Canada’s team at the Spengler Cup has been together for two days of practice plus one big Christmas party for players, coaches, staff and their families.
Next on the to-do list? Go win gold at the world’s oldest professional international hockey tournament.
Ready or not, a thrown-together national team made up of European-based players begins its annual quest for a championship Saturday when it meets Czech side HC Energie Karlovy Vary.
Like always at this event, the Canadians will have to overcome a lack of familiarity with one another and a dearth of preparation time in order to succeed, and the first game is always a telling one.
“That’s when we open the package and see what’s inside,” head coach Craig MacTavish quipped Friday during a break in the team’s Christmas party. “The players have been very diligent in terms of their preparation and we’ve had a couple of days of practice.
“It’s a little unusual to play meaningful games on a couple days of practice but I think they’ll be fine.”
Canada often is at the tournament which dates back to 1923 and is hosted by Swiss club HC Davos. The Canadians have won it 11 times since first participating in 1984. Most recently they claimed the title in 2007, but lost 5-3 in the final to Moscow Dynamo last year.
That’s why MacTavish has little issue with people back home expecting his club to win gold (fans can follow on Rogers Sportsnet, check local listings). Teams in the past have a good track record of success and there’s no reason for his players not to win.
“I think that’s inherent with Canadian hockey, every time you put the jersey on there are a lot of expectations, not the least of which is that you’re going to win the tournament,” he said. “But I think that’s healthy, it’s a good motivation for all these players and this year being an Olympic hockey season, it’s a great year to really highlight Canadian hockey.
“We want to have a good start for Canada and Canadian hockey.”
With the world junior hockey championship being hosted in Saskatchewan and the Olympics in Vancouver, Hockey Canada will be more than happy to build on any positive karma from the Spengler Cup team.
Aside HC Davos and HC Energie Karlovy Vary, the Canadians are also up against Adler Mannheim of Germany and HC Dynamo Minsk of Belarus.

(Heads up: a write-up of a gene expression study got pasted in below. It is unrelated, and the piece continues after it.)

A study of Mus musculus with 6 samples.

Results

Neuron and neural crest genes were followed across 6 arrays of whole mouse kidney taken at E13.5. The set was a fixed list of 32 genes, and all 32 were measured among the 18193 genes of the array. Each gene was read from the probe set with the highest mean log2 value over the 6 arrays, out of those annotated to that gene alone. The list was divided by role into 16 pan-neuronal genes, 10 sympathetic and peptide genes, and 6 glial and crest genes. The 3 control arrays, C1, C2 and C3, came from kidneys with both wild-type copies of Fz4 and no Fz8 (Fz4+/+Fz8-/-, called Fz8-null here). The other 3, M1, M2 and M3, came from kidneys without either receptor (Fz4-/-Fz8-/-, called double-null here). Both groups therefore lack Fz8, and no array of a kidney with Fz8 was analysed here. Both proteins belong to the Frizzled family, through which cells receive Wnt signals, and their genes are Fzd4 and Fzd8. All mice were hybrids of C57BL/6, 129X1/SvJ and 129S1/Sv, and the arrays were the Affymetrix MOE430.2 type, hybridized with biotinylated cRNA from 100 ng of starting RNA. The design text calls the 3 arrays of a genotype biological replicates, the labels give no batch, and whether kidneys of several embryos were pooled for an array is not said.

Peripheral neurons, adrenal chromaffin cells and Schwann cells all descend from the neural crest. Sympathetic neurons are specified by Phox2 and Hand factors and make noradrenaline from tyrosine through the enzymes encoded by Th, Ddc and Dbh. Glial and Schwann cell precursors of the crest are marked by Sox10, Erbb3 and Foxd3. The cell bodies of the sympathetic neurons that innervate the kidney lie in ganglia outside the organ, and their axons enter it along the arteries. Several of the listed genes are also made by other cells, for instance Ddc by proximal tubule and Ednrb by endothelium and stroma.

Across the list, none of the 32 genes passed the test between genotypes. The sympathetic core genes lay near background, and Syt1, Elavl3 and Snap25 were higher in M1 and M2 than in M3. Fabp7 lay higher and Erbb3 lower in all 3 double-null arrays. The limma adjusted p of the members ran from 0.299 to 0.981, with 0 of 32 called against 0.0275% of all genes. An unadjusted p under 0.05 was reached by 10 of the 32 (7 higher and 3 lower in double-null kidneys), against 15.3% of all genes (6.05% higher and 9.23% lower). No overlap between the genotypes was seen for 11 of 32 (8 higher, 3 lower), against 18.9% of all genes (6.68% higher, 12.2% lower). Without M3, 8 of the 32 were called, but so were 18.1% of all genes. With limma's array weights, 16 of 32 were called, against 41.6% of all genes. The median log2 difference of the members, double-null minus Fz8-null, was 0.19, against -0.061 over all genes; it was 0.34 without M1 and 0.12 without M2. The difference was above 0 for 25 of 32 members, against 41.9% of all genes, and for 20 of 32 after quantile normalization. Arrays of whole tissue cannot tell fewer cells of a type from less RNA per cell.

There are lots of familiar names on the Canadian roster, including 1993 first overall pick Alexandre Daigle, who now plays for Langnau in Switzerland.
David LeNeveu and Wade Dubielewicz, who will share duties in goal, defencemen Yannick Tremblay and Jamie Rivers and forwards Mark Bell, Brett McLean and Josh Holden are other former NHLers of note on the club.
Serge Aubin is the team captain with Shawn Heins and Jean-Pierre Vigier as the alternates.
MacTavish feels the chance to see players who have slipped away from the NHL fishbowl is part of the Spengler Cup’s charm.
“I always used to think the tournament was really neat, because you see a lot of players you’ve kind of lost touch with a little bit. Then you turn on the Spengler Cup and see that they’re alive and well over in Europe,” he said.
“Serge Aubin, I’ve always been a big admirer of his, he’s going to be our captain, he’s just a terrific person. Mark Bell, I’m anxious to see him play, J.P. Vigier, Jamie Rivers, I played with him in St. Louis … there’s just a cast of characters over here.”
MacTavish is an active participant in the Spengler Cup for the first time although he’ll draw on past experiences with the Canadian national team at the Lotto Cup in Slovakia and a world championship in Austria.
The former Edmonton Oilers defenceman and head coach knows that given how little time his players have had to prepare, he can’t complicate things too much.
“That’s exactly it, just try to play a simple system that everybody is pretty familiar with,” he said. “And you just try to build and get better as each game goes by, that’s our objective.”
Fun also needs to be a part of it, as asking players to interrupt their holidays for the Dec. 26-31 tournament isn’t easy.
That’s why Friday’s Christmas party, which included about 150 people in total and a visit from Santa for the kids, is a key part of the experience.
“It’s valuable time to ask the players and the families to commit themselves at this time of year, so you want to show them a good time and Hockey Canada does that in spades every year,” said MacTavish. “It’s a good bonding exercise for the players and their families, just a great scene here.”